Implicit Bias Is Real, Even at the Pre-K Level

September 30, 2017

Discipline data collected from the nation’s public schools shows that black and Latino students are suspended and expelled at much higher rates than white students, so researchers at the Yale Child Study Center set out to examine whether implicit bias among early education teachers might be part of the problem.

Harnessing some pretty sophisticated technology, the researchers concluded the answer is, “Yes.”

The first-of-its-kind study found that preschool teachers and staff do show signs of implicit bias in administering discipline, and also that the race of the teacher plays a big role in the outcome. The research used special eye-tracking technology and found that preschool teachers “show a tendency to more closely observe blacks and especially black boys when challenging behaviors are expected.”

At the same time, black teachers hold black students to a higher standard of behavior than do their white counterparts, the researchers found. Black teachers may be demonstrating “a belief that black children require harsh assessment and discipline to prepare them for a harsh world.”

The Yale Child Study Center turned to The Hatcher Group to draw attention to the findings and the result was a massive tsunami of news and social media coverage.

Executing a strategy of an early evening embargo lift the night before a meeting of federal and state education leaders – and right after Hillary Clinton discussed implicit bias in the first presidential debate — the research played in such national outlets as the Washington Post, NPR, Marketplace, CNN, The Atlantic, NBC News, USA Today, Los Angeles Times, POLITICO, Christian Science Monitor, U.S. News & World Report and New York magazine.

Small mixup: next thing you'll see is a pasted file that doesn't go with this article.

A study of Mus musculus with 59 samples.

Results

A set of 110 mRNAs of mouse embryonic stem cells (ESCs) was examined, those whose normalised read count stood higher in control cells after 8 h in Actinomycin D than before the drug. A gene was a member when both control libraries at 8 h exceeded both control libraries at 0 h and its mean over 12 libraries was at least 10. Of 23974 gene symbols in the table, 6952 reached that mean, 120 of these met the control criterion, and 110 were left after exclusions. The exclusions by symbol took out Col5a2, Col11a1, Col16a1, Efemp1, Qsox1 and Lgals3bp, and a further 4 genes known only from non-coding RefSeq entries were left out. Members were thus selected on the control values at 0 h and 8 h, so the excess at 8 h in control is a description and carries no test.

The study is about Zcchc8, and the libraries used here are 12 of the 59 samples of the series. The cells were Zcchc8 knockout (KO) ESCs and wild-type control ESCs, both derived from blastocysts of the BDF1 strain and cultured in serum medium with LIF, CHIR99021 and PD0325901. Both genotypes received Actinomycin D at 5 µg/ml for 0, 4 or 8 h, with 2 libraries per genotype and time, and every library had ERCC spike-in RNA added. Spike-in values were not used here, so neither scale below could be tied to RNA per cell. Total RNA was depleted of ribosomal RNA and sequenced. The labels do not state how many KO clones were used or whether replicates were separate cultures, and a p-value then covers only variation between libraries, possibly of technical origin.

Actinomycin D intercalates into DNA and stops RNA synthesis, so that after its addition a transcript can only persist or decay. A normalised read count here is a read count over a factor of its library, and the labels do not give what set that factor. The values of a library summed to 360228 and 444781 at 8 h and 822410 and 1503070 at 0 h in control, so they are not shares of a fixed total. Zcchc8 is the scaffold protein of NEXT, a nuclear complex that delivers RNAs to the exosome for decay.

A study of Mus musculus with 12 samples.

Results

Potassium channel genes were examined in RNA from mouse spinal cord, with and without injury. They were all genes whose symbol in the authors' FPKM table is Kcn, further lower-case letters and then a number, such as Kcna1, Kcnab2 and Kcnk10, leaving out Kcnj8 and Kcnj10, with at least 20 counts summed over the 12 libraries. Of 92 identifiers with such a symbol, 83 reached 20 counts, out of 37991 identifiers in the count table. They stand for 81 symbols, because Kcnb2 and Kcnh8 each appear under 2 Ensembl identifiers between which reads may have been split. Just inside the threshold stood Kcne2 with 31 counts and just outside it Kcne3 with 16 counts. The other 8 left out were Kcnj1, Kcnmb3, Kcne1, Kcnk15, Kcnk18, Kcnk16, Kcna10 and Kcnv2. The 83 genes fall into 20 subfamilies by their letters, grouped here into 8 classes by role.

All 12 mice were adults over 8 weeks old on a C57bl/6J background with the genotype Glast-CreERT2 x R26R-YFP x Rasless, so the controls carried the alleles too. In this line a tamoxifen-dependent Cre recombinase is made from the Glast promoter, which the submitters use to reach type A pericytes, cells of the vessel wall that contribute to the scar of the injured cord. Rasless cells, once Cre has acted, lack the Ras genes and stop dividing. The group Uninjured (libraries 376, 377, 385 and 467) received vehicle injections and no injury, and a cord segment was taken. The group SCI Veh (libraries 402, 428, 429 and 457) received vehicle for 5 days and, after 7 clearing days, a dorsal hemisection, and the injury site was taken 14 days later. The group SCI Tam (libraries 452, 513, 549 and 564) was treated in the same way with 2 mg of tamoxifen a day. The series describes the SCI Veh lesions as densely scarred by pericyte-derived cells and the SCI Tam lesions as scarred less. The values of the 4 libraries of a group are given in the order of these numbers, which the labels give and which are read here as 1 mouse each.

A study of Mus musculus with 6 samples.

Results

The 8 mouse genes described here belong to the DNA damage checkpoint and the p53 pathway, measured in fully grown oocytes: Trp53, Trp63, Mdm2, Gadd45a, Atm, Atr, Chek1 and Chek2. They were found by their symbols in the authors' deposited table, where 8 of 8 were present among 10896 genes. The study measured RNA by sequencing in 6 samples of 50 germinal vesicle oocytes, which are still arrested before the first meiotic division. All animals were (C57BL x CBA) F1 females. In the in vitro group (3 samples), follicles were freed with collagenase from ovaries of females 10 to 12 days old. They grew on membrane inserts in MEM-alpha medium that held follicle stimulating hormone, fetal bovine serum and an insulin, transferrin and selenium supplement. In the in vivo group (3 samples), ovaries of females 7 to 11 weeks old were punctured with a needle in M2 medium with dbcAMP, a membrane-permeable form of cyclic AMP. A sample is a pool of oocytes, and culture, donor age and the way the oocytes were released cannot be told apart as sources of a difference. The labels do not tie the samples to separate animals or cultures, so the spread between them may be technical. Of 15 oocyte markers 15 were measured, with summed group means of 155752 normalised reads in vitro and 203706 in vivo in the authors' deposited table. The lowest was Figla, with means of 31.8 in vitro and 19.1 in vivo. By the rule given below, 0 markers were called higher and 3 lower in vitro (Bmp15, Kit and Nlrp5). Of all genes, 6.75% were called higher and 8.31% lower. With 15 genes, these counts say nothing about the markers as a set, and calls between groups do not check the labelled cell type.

On the social media front, the widespread media attention fed into a robust conversation around the report on Twitter. Less than 48 hours after the release, the hashtag, #BiasInPreschool, along with several of the major media hits had received over 36 million potential impressions. This was driven by major media accounts like the Washington Post and Ed Week, but also by key voices in the education and racial justice fields, including Deray McKesson, a leading member of the Black Lives Matter Movement, whose half a million followers retweeted his tweet sharing media coverage from NPR over 500 times.

As lead Yale researcher Dr. Walter Gilliam noted during a national media call arranged by The Hatcher Group: “Implicit bias does not begin with black men and the police. It begins with young black boys and their preschool teachers, if not earlier. Implicit bias is like the wind. You can’t see it, but you sure can feel its effects.”